The Jakarta Post
The plenary session of the House of Representatives on Sept. 24 was special for the Defense Ministry as the House approved the allocation to the ministry of Rp 127.4 trillion (US$9 billion) in the 2020 budget. The amount not only indicates the increasing trend in budget allocations for the ministry since the Reform Era began in 1998, but also shows that the defense budget will top the list of budget allocations for all ministries and institutions next year.
Such a significant budget increase for defense is inseparable from the heated debate over security and defense ahead of the April 17 presidential election when then-presidential candidate Prabowo Subianto highlighted the relatively small defense budget compared with that of our tiny neighbor Singapore; the retired military officer associated the small defense budget with Indonesia’s weak defense capability in the region.
Granting the highest budget for defense suggests that President Joko “Jokowi” Widodo’s administration took the presidential election debate on security and defense seriously. However, taxpayers demand that the increased budget for the Indonesian Military (TNI) — the sole guarantor of state defense and whose 74th anniversary falls today on Oct. 5 — should be in line with an improvement in professionalism and performance.
Talk about military professionalism and performance in the Reform Era has been associated with the ongoing Minimum Essential Force (MEF) military modernization program.
The MEF, a 15-year scheme or medium-term plan designed to support the TNI in replacing its obsolete weaponry, was introduced in 2010 by Jokowi’s predecessor Susilo Bambang Yudhoyono.
It will end in 2024, the final year of President Jokowi’s second term. Included in the shopping list are the fourth generation of jet fighters for the Air Force, the ongoing joint production and development of submarines with South Korea for the Navy, as well as infantry, artillery and armored weapons procurement for the Army.
In terms of skills and capability, the fact that Army personnel have been frequent champions in the annually held ASEAN Armies Rifle Meet and Australian Army Skill at Arms Meet is evidence of their comparable skills against other advanced militaries worldwide.
And the fact that the troops used locally made SS rifles — produced by state-owned weapons manufacturer PT Pindad — in both international shooting competitions also reflects the country’s significant weapons-manufacturing capacity, although still limited to gun and rifle production and technology.
Apart from Pindad with its gun, rifle and armored vehicle production, Indonesia has also been developing the capacity to produce naval ships through state-owned shipbuilder PT PAL and noncombat aircraft through state-owned aircraft manufacturer PT Dirgantara Indonesia (PTDI).
There have been a number of foreign buyers of products by PAL and PTDI, but they are still negligible compared with advanced foreign producers.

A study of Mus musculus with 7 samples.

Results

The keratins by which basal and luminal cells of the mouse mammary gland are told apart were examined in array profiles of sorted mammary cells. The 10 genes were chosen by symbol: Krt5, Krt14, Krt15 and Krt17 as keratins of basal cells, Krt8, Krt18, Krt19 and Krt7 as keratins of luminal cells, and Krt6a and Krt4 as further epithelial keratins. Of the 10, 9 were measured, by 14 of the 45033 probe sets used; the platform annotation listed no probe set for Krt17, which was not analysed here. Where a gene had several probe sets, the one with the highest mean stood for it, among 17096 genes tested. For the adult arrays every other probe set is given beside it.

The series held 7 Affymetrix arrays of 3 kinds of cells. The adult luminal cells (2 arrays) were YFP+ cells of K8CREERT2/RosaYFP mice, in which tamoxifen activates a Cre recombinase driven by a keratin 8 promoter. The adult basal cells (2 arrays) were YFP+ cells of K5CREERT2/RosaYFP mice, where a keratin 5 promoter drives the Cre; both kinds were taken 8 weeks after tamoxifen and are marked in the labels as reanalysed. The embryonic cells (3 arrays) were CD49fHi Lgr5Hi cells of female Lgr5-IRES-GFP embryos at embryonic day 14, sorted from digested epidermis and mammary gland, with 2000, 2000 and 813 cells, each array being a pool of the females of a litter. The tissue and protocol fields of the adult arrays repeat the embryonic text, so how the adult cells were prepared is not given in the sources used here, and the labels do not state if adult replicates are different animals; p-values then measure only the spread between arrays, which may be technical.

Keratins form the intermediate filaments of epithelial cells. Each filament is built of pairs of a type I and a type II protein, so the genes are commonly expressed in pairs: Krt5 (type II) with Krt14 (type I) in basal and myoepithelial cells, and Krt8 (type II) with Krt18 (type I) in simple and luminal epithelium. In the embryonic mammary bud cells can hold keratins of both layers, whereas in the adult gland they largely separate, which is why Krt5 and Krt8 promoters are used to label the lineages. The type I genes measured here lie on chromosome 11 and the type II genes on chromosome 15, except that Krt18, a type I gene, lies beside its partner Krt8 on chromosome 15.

Besides weaponry modernization schemes, the Reform Era has also seen significant restructuring of the TNI's organization. The restructuring scheme, based on a 2016 presidential regulation (Perpres) on the organizational structure of the TNI, is a revision of the 2010 version that increased the number of personnel in certain positions and created new posts for high-ranking officers in the three branches of the armed services.
The restructuring program initially drew strong criticism from observers and experts, who claimed it would run counter to the spirit of professionalism that had been the national commitment to reform.
However, later developments that saw numerous medium- and high-ranking TNI officers holding no structural posts has led to the creation of new units within TNI structures.
In late July, a “super elite unit” for deployment in national security emergencies, including terror attacks, was established. The unit, dubbed the Special Operations Command (Koopssus), comprises 400 personnel from the crème de la crème of the military’s special forces: the 81 Special Detachment (Gultor) of the Army’s Special Forces (Kopassus), the Jalamangkara Detachment (Denjaka) of the Navy’s Marine Corps and the Bravo 90 Detachment (Denbravo) of the Air Force’s Special Forces Corps (Korpaskhas).
Late last month, the TNI introduced the Joint Defense Regional Command (Kogabwilhan) in three separate territories of the country: one based in Tanjung Pinang, Riau Islands province, another in Balikpapan, East Kalimantan, and the third in Biak, Papua. The new units are tasked with dealing with crisis situations in their respective theaters of operations.
The modernization and restructuring programs of the TNI have not always been welcomed, either at home or abroad. That Indonesia is in the process of procuring jet fighters and increasing the number of submarines and warships in its naval fleet, as well as expanding its military units, will no doubt increase levels of unease among other countries, particularly our neighbors. As on many occasions, one country’s military buildup encourages others to improve or expand their own.
The MEF scheme is mainly meant for replacing obsolete weaponry and equipment. However, perhaps Indonesia should accentuate that its military modernization program is not associated with the mandala theory of foreign policy as formulated by ancient Indian political scientist Kautilya, in which “neighbors are considered as enemies and the enemy of my enemy is my friend”, so as to prevent others, and especially our neighbors, believing that Indonesia is a military threat to them.
Striking a balance between military professionalism, modernization and regional cohesion is not an easy thing to achieve. But, it is not impossible either.